In a previous post we talked about finding a mentor. We also talked about determining our expectations beforehand as we set about the task of find a mentor. When thinking about the mentoring process, it may be helpful to get some outside insight on the range of possibilities available to you. Paul Stanley and Bobby Clinton co-authored an excellent book “Connecting The Mentoring Relationships You Need to Succeed in Life”.
Clinton and Stanley discuss three broad categories of mentoring. They are, Intensive, Occasional and Passive. Now within each of those are more specific types of mentoring relationships and they break out as follows:
- Discipler – enablement in the basics of following Christ
- Spiritual Guide – accountability, direction, and insight for questions, commitments, and decisions affecting spirituality and maturity
- Coach – motivation, skills and application needed to meet a task, challenge
- Counselor – timely advice and correct perspectives on viewing self, others, circumstances, and ministry
- Teacher – knowledge and understanding of a particular subject
- Sponsor – Career guidance and protection as leader moves within an organization
- Contemporary – a living, personal model for life, ministry, or profession who is not only an example but also inspires emulation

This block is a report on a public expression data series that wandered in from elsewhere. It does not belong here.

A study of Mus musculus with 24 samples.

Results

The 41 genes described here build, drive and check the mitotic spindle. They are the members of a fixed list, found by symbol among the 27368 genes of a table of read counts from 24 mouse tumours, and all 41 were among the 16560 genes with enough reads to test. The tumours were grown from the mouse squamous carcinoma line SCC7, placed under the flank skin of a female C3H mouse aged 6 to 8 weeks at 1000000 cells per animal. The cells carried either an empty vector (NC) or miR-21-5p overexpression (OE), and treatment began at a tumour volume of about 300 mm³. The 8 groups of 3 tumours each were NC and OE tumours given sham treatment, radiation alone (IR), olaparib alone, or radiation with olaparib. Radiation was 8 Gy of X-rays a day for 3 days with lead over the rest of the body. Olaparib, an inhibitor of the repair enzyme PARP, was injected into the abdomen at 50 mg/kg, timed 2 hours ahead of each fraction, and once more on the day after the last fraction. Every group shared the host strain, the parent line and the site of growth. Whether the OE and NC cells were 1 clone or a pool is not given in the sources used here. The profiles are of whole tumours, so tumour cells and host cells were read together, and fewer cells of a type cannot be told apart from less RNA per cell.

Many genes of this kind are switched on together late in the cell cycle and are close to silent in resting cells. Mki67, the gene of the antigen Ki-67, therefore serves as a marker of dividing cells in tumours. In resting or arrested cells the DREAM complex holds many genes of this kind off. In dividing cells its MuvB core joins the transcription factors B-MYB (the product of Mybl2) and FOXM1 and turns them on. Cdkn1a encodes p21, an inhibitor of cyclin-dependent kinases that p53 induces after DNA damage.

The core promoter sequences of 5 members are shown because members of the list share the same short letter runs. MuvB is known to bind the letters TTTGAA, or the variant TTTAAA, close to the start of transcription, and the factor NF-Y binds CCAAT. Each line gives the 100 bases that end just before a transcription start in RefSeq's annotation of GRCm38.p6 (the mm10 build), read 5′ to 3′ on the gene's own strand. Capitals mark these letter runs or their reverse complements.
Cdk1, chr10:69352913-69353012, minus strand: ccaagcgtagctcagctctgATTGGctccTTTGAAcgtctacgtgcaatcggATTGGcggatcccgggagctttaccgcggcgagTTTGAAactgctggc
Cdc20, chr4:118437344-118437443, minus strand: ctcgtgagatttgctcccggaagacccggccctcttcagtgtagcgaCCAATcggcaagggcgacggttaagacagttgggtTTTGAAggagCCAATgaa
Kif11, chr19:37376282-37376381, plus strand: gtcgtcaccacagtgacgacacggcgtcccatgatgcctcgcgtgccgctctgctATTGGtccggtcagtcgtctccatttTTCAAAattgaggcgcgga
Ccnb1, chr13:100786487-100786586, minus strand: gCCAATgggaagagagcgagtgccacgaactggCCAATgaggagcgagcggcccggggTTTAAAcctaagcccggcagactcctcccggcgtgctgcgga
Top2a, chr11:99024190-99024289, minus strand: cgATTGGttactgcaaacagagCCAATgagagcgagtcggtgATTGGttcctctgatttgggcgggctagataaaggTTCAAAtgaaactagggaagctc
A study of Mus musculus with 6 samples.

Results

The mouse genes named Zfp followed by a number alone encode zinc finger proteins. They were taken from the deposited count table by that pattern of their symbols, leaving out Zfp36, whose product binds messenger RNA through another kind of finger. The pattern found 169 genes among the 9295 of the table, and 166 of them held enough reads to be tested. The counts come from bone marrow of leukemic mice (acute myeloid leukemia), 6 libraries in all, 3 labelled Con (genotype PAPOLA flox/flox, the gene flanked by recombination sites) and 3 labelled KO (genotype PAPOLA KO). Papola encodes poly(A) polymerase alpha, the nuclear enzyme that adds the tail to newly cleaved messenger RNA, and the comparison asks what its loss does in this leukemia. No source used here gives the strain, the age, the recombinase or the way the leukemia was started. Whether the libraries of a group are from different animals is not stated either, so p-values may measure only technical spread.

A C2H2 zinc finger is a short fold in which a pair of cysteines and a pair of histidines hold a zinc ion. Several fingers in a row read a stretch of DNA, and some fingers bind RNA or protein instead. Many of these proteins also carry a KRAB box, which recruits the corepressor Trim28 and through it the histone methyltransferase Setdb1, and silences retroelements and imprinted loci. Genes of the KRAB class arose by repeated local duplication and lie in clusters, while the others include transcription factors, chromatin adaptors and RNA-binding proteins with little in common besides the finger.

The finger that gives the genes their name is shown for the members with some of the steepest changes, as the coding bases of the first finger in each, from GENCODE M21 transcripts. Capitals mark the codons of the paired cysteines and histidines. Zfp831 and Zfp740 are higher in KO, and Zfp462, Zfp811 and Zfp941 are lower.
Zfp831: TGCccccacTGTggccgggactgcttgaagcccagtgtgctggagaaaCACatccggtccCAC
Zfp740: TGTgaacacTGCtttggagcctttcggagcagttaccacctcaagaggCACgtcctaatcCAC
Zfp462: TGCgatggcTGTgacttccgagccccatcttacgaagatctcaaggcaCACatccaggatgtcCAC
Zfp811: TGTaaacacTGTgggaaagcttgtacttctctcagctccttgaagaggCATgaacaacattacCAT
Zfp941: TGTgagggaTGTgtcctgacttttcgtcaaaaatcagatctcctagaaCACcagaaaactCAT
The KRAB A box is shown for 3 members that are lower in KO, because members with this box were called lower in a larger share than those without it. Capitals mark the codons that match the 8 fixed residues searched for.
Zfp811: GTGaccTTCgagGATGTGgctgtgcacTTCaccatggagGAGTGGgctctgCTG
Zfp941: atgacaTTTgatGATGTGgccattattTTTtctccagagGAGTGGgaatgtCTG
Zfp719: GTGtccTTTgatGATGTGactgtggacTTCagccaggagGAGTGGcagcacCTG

- Historical – a past life that teaches dynamic principles and values for life, ministry, and / or profession
As we look at the three broad categories, their primary differences are in frequency and depth of relationship.
One might think about the intensive in terms of meeting someone every week or every other week, or for a brief season more regularly than that in person or on the phone. These are people who will help you focus your life and your ministry through regular interaction. Because of the demands of life for one or both of you, quite often the intensity of these relationships is for a season in your life. Then they may gradually move into the occasional or even passive mode.
The occasional mentor would be someone who you might see on an “as needed” basis regarding a particular area of your life and / or professional development. This could be a professional counselor such as a marriage counselor. It may be a friend who has workplace related experience and wisdom that would help you. It could also be someone who intersects with your life during a particular crisis because of their journey through a similar crisis.
As the description shows, you will likely not have a personal relationship in the passive environment. This is someone you observe at work, church, or through the media. It may be someone who inspires you because of the attitudes they display after experiencing some life trauma or leadership challenge. You may find a life model
The thing I want to leave you with in this segment is the wide range of possible mentoring relationships. Don’t put yourself or your potential mentor in a box. Leave yourself open to the full range of wisdom relationships. Remember that wisdom is found in those who take advice.